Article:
Jie Liu and Ling Ren contributed equally to this work.
Alterations in amplitude of low frequency fluctuation in treatment-naïve major depressive disorder measured with resting-state fMRI
Article first published online: 17 APR 2014
Copyright © 2014 Wiley Periodicals, Inc.
Human Brain Mapping
Volume 35, Issue 10, pages 4979–4988, October 2014
How to Cite
Liu, J., Ren, L., Womer, F. Y., Wang, J., Fan, G., Jiang, W., Blumberg, H. P., Tang, Y., Xu, K. and Wang, F. (2014), Alterations in amplitude of low frequency fluctuation in treatment-naïve major depressive disorder measured with resting-state fMRI. Hum. Brain Mapp., 35: 4979–4988. doi: 10.1002/hbm.22526
- Issue published online: 17 SEP 2014
- Article first published online: 17 APR 2014
- Manuscript Accepted: 26 MAR 2014
- Manuscript Revised: 25 MAR 2014
- Manuscript Received: 10 JUL 2012
- National Institute of Health (NIH) . Grant Number: K01MH086621
- The National Natural Science Foundation of China . Grant Number: 81071099
- The Liaoning Science and Technology Foundation . Grant Number: 2008225010-14
- The National Alliance for Research on Schizophrenia and Depression (Great Neck, NY), The Klingenstein Foundation.
- resting-state fMRI;
- amplitude of low-frequency fluctuation;
- prefrontal cortex;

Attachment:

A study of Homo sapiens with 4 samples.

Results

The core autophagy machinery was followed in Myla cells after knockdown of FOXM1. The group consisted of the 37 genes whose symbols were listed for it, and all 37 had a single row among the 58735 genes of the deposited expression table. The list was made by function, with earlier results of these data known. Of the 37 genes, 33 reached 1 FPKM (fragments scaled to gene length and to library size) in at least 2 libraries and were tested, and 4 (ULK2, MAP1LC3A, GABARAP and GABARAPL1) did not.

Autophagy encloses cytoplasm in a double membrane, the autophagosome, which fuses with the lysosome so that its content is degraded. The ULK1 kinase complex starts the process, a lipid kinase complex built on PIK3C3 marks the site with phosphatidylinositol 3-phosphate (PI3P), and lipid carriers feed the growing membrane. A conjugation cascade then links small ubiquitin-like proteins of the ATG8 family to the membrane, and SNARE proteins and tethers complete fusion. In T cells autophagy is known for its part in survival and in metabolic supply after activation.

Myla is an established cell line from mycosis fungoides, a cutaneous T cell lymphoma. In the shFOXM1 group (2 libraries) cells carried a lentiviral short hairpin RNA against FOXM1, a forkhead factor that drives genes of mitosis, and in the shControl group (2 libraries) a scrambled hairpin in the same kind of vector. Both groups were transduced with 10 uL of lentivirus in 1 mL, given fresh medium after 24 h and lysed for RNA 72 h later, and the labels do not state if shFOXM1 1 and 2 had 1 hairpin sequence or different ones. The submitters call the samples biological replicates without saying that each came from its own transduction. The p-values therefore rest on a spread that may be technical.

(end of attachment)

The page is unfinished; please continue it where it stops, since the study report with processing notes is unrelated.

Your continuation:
There are limited resting-state functional magnetic resonance imaging (fMRI) studies in major depressive disorder (MDD). Of these studies, functional connectivity analyses are mostly used. However, a new method based on the magnitude of low frequency fluctuation (LFF) during resting-state fMRI may provide important insight into MDD. In this study, we examined the amplitude of LFF (ALFF) within the whole brain during resting-state fMRI in 30 treatment-naïve MDD subjects and 30 healthy control (HC) subjects. When compared with HC, MDD subjects showed increased ALFF in the frontal cortex (including the bilateral ventral/dorsal anterior cingulate cortex, orbitofrontal cortex, premotor cortex, ventral prefrontal cortex, left dorsal lateral frontal cortex, left superior frontal cortex), basal ganglia (including the right putamen and left caudate nucleus), left insular cortex, right anterior entorhinal cortex and left inferior parietal cortex, together with decreased ALFF in the bilateral occipital cortex, cerebellum hemisphere, and right superior temporal cortex. These findings may relate to characteristics of MDD, such as excessive self-referential processing and deficits in cognitive control of emotional processing, which may contribute to the persistent and recurrent nature of the disorder. Hum Brain Mapp 35:4979–4988, 2014. © 2014 Wiley Periodicals, Inc.